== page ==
Last updated : June 2nd, 2019


View of Santiago from San Cristobal Hill

We started off Santiago with a bang. We went for my early birthday dinner (almost everything is closed on the 24th) at a restaurant that looked like a castle. After we ended up having a huge night out on the town with a large group from our hostel. At midnight, a group of people from Venezuela sang their traditional version of “happy birthday” to me. We went out in the area of Bella Vista which is near the university so there is a young party vibe in this neighbourhood which is lined with massive nightclubs and various street food, that night ended with a late night Completo (hot dog) which are a very popular food in Chile although they’re not that nice.

Some of the food in Santiago. I am eating a Chorrilana (french fries, steak, sausage, onion, and egg) and Dan is eating a Completo (a hot-dog fully loaded Chilean style with mayo, avacado, and tomatoes)

Naturally, the 24th was a right off due to extreme hangovers but on Christmas Day we went on a walking tour of the city. We were shown the presidential building and got a lesson about the socialist past of Chile which was overthrown by a military dictatorship. It was interesting and good to see the tourist area of the city. I was pleasantly surprised at how clean and liveable the city was. The metro was easy to navigate, the people are very friendly, the parks are beautiful and well-kept, and the entire time I was there I felt safe. Chile is home to some 200,000 street dogs that are all really friendly and well fed, if your lucky enough one might even follow you home keeping you safe the whole time. These dogs live side by side humans in this city and its so cool to see the compassion Chilean people have for there 4 legged friends, its something alot of people all around the world could learn something from.

We celebrated Christmas with a guy from our hostel with steak, roast veggies and potatoes, as well as ample amounts of wine.  Although it didn’t compare to being at home with family and friends it was still a great day. It is always nice to be surrounded with good people over the festive season because they can truly make you feel like your at home.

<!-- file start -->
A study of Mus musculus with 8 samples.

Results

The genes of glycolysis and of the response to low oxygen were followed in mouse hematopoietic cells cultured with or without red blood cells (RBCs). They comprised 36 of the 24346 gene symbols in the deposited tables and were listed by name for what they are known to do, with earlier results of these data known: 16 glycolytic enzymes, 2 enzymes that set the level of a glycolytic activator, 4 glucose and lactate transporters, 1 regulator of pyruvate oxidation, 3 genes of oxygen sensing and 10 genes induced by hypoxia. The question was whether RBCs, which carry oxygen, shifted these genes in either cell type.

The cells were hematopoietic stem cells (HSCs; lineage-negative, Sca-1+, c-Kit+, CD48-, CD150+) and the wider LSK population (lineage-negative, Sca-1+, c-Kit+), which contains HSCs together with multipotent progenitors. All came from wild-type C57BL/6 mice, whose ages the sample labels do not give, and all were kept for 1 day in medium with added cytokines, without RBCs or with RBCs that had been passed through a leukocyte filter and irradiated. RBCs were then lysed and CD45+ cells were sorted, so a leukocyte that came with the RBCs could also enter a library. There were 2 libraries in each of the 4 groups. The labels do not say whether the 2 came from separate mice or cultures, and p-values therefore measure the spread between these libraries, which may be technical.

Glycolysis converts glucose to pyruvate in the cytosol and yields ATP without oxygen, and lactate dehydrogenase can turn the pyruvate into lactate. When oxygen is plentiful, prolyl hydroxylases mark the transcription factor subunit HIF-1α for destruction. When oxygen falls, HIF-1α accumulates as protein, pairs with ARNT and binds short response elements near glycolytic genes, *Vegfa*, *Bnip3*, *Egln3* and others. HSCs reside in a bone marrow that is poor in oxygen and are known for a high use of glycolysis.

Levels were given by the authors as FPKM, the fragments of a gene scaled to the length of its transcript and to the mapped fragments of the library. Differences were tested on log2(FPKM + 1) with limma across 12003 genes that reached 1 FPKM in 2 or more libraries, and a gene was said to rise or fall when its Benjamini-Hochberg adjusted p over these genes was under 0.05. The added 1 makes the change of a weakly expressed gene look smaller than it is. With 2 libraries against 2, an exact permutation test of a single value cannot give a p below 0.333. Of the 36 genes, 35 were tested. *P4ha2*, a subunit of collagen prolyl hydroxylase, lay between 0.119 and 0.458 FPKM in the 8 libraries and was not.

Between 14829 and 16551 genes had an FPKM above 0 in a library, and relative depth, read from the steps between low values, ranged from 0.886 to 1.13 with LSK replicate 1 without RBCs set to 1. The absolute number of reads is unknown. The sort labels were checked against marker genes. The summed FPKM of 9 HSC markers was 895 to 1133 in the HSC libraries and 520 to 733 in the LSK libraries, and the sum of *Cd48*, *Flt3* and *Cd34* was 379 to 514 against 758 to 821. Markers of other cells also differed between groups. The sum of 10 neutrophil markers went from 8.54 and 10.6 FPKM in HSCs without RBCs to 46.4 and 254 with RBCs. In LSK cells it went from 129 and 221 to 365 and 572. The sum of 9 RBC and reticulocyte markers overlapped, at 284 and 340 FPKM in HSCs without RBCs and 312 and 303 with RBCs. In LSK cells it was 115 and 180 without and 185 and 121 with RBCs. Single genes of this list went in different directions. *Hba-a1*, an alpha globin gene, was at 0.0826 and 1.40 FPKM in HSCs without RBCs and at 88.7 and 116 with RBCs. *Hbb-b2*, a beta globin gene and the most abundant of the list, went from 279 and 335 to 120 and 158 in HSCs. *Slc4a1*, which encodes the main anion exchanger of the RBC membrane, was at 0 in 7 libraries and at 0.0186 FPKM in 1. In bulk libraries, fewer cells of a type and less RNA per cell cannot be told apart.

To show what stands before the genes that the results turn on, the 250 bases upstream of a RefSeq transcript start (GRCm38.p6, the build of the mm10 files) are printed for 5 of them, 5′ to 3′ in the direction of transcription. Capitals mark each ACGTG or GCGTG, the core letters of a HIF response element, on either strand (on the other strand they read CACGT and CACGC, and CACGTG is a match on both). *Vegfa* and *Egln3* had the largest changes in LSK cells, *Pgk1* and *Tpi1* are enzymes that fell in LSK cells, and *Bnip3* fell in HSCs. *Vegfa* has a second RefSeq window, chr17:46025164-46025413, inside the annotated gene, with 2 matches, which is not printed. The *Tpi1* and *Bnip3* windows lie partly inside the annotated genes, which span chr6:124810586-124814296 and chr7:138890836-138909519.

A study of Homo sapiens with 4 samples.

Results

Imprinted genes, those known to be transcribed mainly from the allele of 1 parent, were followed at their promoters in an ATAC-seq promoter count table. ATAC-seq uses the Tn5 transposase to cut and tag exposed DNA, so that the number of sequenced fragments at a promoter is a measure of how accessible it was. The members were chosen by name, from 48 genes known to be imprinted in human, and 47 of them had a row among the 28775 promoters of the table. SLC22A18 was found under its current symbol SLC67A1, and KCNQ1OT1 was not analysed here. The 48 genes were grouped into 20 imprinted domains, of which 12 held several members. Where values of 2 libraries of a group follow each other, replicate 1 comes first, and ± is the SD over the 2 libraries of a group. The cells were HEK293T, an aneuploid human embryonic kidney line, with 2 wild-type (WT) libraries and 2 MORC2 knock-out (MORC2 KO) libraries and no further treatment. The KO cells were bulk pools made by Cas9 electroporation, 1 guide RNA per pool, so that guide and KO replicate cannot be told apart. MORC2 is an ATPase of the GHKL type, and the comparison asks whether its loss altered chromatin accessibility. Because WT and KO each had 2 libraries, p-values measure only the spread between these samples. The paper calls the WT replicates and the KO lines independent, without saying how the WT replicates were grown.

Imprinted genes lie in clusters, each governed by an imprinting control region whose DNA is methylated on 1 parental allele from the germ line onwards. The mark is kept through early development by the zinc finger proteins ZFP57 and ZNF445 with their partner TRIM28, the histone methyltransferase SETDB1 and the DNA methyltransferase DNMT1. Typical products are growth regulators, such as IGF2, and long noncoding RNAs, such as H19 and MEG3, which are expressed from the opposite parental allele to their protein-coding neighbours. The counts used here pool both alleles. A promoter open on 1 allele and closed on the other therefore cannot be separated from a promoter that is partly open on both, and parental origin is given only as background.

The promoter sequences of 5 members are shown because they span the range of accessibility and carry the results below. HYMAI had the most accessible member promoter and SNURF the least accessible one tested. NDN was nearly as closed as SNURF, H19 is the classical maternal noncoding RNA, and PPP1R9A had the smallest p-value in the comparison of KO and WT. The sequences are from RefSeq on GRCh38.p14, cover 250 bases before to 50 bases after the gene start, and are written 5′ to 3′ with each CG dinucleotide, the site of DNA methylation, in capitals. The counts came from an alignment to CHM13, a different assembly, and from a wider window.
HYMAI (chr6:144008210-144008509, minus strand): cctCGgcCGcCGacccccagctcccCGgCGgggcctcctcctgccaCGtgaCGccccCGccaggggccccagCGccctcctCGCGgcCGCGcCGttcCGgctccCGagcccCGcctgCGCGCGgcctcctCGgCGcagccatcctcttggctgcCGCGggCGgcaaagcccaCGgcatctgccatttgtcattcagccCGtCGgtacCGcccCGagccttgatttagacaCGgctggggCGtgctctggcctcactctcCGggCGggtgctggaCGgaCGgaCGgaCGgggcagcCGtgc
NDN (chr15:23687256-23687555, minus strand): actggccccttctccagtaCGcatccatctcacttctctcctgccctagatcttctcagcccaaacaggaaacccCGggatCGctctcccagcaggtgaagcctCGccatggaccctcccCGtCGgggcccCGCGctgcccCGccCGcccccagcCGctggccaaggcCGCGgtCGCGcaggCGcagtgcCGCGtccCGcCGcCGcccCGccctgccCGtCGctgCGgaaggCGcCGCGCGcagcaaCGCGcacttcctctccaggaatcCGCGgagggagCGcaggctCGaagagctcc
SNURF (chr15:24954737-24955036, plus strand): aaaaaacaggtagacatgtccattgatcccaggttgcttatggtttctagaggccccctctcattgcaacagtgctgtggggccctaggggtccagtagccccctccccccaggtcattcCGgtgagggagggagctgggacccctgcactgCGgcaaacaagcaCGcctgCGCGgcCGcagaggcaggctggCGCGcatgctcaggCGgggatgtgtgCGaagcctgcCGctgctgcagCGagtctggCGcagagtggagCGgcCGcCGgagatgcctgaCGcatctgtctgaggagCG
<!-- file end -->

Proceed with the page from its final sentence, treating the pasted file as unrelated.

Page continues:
Christmas in Santiago

We liked the walking tour so much we joined a different one the next day which took us to a less touristy area of Santiago. We went to various markets and experience how the “working class” people live, we saw fisherman selling all their fish t stalls, small restaurants and street food, hundeds of fruit and vegtable stalls, and people carting various things around on carts. This was very interesting as the following day we went to an area commonly referred to as “Sanhattan” which is the upper-class business district. Going from crazy markets to people in expensive suits within the same city is pretty crazy. It definitely shows the diversity of classes within Chile, which is something a lot of citizens really want the governement to change.

A fruit and veggie market
One of the many beautiful parks Santiago has to offer

Overall, Santiago was surprisingly great! I would definitely go back for a long term amount of time. Daniel and I have even talked about getting working visas for Chile sometime in the future, it seems so livable and enjoyable.


About the Author - destinationlesstravel

We are Dan and Bailey, just your typical thrill-seeking travelers! You will likely find us hiking, scuba diving, catching public transport, or just drinking beer at a hostel.